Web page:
Independent hotels come to terms with the future, Ian Schrager heads to the West Coast, and Virgil Abloh takes his talents to Ikea (of all places). We highlight this and more in our weekly wrap-up.
Ian Schrager’s EDITION brand lands in La La Land
EDITION’s much-anticipated California debut gives Ian Schrager a chance to show off the brand’s high-end, ultra-luxe vibe on the West Coast. Set to debut next month, the West Hollywood property won’t stray too far from what makes EDITION hotels highly coveted and admired. Teaming up with longtime friend and collaborator John Pawson, Schrager will imbue the hotel with his signature style—timeless design mixed with a modern, edgy appeal. Like all Schrager’s EDITION hotels, F&B plays a prominent role. In fact, the signature restaurant Ardor will be helmed by the Michelin-starred chef John Fraser, showcasing a vegetable-focused menu. “We aspire to be the best hotel in California, that has always been our approach. With architecture, design, entertainment, and service, we try to offer something that people have never experienced before,” Schrager said in a press release.
The cult-like appeal of lifestyle brands begins and ends with Soul Cycle
Brands are employing cult-like tactics to ensure loyalty, “but just as believers can build a brand, they can tear it apart,” writes Fast Company. Consider the rise and fall of Soul Cycle, after Stephen Ross, owner of the $60 billion real estate empire Related Companies (which owns Soul Cycle) threw a fundraising lunch this summer to support Trump’s presidential campaign. Avid riders canceled memberships and Soul Cycle had 13 percent fewer U.S. customers make purchases in August than a year prior, according to the article. “The company’s deeply personal connection to its customers—its vaunted “cult brand” appeal—made their sense of betrayal more profound,” the magazine writes. For every cult-like tactic that works—think Airbnb’s love bombing approach derived to the Unification Church technique—the betrayal was even greater. “SoulCycle’s predicament, writes the magazine, “is a warning to other brands.”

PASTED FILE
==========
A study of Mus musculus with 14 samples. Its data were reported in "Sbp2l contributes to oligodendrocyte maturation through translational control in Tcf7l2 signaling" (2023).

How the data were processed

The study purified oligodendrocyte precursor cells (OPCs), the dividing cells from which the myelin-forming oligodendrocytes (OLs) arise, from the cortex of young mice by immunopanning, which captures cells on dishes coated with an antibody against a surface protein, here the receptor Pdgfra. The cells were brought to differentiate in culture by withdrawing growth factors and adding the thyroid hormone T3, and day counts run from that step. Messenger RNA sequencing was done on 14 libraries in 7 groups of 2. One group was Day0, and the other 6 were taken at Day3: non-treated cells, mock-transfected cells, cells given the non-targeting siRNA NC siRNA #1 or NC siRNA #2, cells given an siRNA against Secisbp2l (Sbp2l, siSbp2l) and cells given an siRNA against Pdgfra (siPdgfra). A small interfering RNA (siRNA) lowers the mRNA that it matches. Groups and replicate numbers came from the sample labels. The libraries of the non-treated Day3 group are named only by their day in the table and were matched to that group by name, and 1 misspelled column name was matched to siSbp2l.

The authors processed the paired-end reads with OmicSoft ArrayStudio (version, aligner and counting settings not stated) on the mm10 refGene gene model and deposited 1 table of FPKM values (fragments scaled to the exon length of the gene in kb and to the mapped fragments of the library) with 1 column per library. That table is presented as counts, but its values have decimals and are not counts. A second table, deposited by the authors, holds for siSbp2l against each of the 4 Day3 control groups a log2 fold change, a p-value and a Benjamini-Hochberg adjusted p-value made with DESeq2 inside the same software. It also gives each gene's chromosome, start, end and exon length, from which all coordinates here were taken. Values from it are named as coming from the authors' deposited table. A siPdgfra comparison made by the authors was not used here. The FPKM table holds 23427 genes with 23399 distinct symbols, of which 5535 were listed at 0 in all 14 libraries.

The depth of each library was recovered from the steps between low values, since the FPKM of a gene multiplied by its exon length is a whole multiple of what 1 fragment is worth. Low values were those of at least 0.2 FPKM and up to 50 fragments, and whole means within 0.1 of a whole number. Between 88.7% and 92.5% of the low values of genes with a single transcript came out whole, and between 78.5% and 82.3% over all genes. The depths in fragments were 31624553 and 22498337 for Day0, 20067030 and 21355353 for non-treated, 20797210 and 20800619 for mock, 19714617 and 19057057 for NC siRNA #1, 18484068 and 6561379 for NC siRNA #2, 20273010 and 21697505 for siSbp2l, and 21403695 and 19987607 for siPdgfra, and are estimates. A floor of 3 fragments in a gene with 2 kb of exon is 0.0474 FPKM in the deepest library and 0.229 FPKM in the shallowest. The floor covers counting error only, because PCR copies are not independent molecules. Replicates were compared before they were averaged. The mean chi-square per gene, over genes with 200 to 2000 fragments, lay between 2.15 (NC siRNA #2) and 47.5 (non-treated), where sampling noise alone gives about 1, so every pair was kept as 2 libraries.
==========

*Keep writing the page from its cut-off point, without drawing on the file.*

A better future is on the horizon for the oceans
Perhaps the highly profitable cruising industry can take note of the steps the shipping industry is taking to reduce its environmental footprint. According to reporting by Grist, there’s “renewed determination” amid international pressure to act on climate change. The first hybrid-electric expedition ship, the MS Roald Amundsen, from Norwegian cruise operator Hurtigruten, for example, is a 530-passenger vessel that “uses large battery banks to supplement the main diesel engines, which reduces the ship’s total emissions by more than 20 percent, according to the ship operator,” writes Grist. For now, countries are expanding research projects and conceiving futuristic vessels like NYK’s dolphin-informed ship with flippers, bionic hull materials, and giant solar panels. “I don’t think there’s any argument any longer about the need to do it,” Diane Gilpin, CEO of the Smart Green Shipping Alliance in England told Grist. “There is anxiety about which is the most appropriate way because nobody wants to make a mistake. But you have to take a risk.”
Virgil Abloh and Ikea make partnership official
The highly anticipated collaboration with prolific fashion designer Virgil Abloh and Ikea will finally hit stores November 1st. The 15-piece limited collection named Markerad (“marked” in English) will take everyday objects and reconstruct them in a cheeky way. Take the “Wet Surface” green-turf. Or the wall clock with the word “Temporary” emblazoned on its center. For those who have been eyeing pieces from the notable designer, the playful items are a twist on contemporary décor, according to Curbed. “It’s about elevating the anonymous, everyday icons that we use without noticing,” says Abloh. “When we put a doorstop on one of the legs of an ordinary chair, we create something unexpected—an interruption.”
David vs. Goliath: Independent hotels come up against major hotel companies
Call it the Marriott effect. As hotel companies continue to acquire smaller hotels and launch soft brands, the death knell might be sounding for true independent hotels, reports The New York Times. Thirty years ago, about two-thirds of all hotels that were independent. Today, less than 40 percent of hotels are independently run, according to hotel data company STR. In the past few years, Accor grew from 14 brands in 2012 to 39 in 2019, picking up companies like 21c Museum Hotels along the way; InterContinental Hotels Group acquired Kimpton Hotels in 2015; and, recently, Hyatt added lifestyle juggernaut Two Roads Hospitality to its portfolio. With increased competition from homesharing “disruptors” like Airbnb, independent hotels are feeling the pressure to stay relevant. While travelers continue to seek out authentic, community-oriented experiences, they also may feel like the soft brands launched by major hotel companies “are boutique enough,” says The Times.